Syria war death toll hits 93,000, UN says. A spur to US to aid rebels?

The new UN figure for lives lost in the Syria war is 30,000 higher than in November's report. A possible battle for the city of Aleppo could drive it higher still. Obama's security team met Wednesday about how to help Syrian rebels, but no decision was apparent.

By , Staff writer


The UN’s new official figure of 93,000 deaths as of the end of April suggests that at least 5,000 fighters and civilians – among them many children – are dying in the war in Syria each month. The new figure is more than 30,000 higher than the last official figure issued in November.

In announcing the figures, the UN commissioner for human rights, Navi Pillay, said indications that the Assad regime is preparing a major offensive to try to retake the northern city of Aleppo could portend another sharp increase in casualties.


Reports of a looming offensive on Aleppo, Syria’s largest city, are also hanging over this week’s White House meetings on Syria. President Obama gathered his national security team Wednesday for discussions that were to include options for “rebalancing” the war’s momentum, which range from arming the rebels to establishing a no-fly zone to protect rebels and civilians from Assad’s increased use of aerial bombardments.

Obama administration officials continue to insist that the US is determined to help the rebels, but there were no indications that Wednesday’s meeting produced any decisions.

“We are determined to do everything that we can in order to help the opposition,” Secretary of State John Kerry said Wednesday, after meeting with his British counterpart, Foreign Secretary William Hague. Noting that Assad is using weapons and tactics against his own people that “challenge anybody’s values and standards of human behavior,” Mr. Kerry said the US is “going to have to make judgments … about how we can help the opposition to deal with that.”

At the same time, however, White House spokesman Jay Carney cautioned against expectations of quick decisions from the president on what to do next to help the rebels. The White House continues to worry that US-provided arms – especially the anti-tank and anti-aircraft weapons the rebels seek – could fall into the hands of the Islamist extremist groups who are also fighting Assad.

Administration officials are concerned that weapons such as shoulder-fired anti-aircraft missiles, which could be a potent force against Assad’s intensifying air war, might also end up turned against US interests and Israel, America’s closest ally in the region. Advocates of providing US weaponry, including Sen. John McCain (R) of Arizona, say rebel factions can be vetted before receiving US arms.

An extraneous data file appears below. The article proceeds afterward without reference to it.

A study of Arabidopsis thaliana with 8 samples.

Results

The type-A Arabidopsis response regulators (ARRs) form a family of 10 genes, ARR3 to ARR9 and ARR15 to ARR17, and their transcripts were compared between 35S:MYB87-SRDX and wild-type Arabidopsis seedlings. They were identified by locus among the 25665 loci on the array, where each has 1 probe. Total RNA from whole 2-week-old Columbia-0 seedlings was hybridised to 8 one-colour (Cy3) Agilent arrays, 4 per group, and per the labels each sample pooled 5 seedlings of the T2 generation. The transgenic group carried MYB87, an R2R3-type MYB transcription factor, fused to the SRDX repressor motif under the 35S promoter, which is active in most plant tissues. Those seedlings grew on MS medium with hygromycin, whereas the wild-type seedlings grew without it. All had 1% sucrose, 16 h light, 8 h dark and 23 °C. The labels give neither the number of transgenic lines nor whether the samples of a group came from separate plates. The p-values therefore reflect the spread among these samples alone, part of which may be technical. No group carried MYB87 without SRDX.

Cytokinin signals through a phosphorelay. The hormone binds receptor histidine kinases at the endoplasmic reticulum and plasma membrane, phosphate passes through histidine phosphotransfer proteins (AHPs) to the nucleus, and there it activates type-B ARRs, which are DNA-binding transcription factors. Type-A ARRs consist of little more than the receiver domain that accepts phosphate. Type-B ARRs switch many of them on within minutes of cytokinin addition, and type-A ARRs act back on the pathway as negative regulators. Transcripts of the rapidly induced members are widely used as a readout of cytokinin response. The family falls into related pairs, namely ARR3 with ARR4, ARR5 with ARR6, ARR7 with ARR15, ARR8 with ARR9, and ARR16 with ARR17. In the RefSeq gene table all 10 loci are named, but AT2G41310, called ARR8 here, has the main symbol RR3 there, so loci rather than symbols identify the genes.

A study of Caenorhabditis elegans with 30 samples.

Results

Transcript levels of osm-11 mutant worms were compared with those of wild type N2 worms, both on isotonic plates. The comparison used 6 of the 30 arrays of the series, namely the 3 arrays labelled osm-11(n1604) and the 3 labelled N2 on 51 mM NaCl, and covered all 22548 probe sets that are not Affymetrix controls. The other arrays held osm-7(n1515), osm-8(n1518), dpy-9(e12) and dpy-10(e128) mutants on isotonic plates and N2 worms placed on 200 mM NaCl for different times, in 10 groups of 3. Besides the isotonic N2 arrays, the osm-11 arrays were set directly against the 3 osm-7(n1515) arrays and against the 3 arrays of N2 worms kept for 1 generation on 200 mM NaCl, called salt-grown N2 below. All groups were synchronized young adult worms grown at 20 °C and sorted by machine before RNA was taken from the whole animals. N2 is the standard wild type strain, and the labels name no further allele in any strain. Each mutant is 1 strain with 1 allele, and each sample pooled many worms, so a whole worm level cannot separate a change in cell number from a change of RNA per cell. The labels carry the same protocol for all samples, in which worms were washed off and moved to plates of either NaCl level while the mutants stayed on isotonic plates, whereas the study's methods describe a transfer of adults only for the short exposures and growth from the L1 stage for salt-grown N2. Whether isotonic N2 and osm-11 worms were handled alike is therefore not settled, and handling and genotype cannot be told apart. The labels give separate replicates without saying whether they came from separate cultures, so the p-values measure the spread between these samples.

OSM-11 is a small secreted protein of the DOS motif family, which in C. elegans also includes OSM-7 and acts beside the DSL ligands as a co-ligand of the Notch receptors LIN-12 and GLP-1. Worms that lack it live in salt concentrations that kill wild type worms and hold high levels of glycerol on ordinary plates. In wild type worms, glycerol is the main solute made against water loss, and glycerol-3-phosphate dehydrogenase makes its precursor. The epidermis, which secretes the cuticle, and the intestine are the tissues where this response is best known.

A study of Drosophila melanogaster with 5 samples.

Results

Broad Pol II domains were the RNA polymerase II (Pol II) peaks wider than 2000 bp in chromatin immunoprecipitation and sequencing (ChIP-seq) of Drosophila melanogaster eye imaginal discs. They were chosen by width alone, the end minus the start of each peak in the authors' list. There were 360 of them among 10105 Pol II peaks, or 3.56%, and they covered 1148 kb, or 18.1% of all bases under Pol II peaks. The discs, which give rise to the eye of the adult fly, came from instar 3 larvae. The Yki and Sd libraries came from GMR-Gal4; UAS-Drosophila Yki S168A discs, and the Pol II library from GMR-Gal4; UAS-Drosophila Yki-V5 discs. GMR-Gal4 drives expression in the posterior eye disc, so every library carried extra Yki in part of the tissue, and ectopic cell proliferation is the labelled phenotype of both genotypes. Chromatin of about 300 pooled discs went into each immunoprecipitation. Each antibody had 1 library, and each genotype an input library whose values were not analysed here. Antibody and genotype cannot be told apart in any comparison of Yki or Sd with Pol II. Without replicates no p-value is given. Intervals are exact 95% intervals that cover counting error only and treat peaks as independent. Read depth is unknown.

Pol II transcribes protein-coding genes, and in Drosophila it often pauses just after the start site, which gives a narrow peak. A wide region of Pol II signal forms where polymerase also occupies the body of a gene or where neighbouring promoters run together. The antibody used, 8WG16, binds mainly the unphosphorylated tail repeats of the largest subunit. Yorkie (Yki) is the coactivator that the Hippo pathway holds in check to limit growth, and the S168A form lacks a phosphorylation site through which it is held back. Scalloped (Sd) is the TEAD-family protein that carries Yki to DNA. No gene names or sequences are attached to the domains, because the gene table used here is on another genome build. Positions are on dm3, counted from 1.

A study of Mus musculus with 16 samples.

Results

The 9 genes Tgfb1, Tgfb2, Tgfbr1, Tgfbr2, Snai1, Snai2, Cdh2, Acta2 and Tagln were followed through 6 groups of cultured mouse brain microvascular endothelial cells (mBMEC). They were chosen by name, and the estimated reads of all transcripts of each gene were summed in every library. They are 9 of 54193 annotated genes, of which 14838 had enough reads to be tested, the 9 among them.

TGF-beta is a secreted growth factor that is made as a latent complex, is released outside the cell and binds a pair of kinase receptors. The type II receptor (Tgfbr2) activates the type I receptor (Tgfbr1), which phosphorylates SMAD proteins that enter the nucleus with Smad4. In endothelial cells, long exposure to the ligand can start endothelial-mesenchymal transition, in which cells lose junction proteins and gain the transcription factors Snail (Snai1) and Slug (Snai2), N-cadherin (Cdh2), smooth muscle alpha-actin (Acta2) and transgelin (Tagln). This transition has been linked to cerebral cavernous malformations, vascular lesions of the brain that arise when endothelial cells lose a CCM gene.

As the Washington debate continues, the UN is painting a picture of a war that is taking a terrible and increasingly devastating toll on Syria’s children. At least 1,700 children under age 10 have died in the war, according to High Commissioner Pillay.

A separate UN report issued Thursday about the war’s impact on children says government forces torture children suspected of having links to the rebels. But it also accuses both sides of using children as suicide bombers and human shields, and to prepare and transport weapons.

Syria’s children are suffering “the heaviest toll” of anywhere in the world, the report says, noting that safe zones for children are shrinking as the war expands.

Videos uploaded to the Internet show children crushed in buildings blasted by Assad’s air force, or crying over the lifeless bodies of mothers and other family members.

Yet even as such scenes feed the image of Assad as a ruthless tyrant ready to sacrifice his people to retain power, other stories out of rebel-held areas hardly offer a brighter picture for children.

One such story concerns a 14-year-old coffee vendor, killed Sunday in Aleppo by Islamist rebels for allegedly blaspheming the name of the Prophet Muhammad.

Mohammad Qataa, selling cups of coffee from a stand to help support his family, incurred the wrath of Islamist extremists after he refused to give one of them a cup of coffee on credit, allegedly saying, “Even if Muhammad came down from heaven, I would not give you this coffee on credit."

Infuriated, the men threw Mohammad in a car, according to wire reports, later returning him to his coffee stand badly beaten. Then with Mohammad’s helpless mother present, the men, condemning the boy for “blasphemy,” shot him in the head.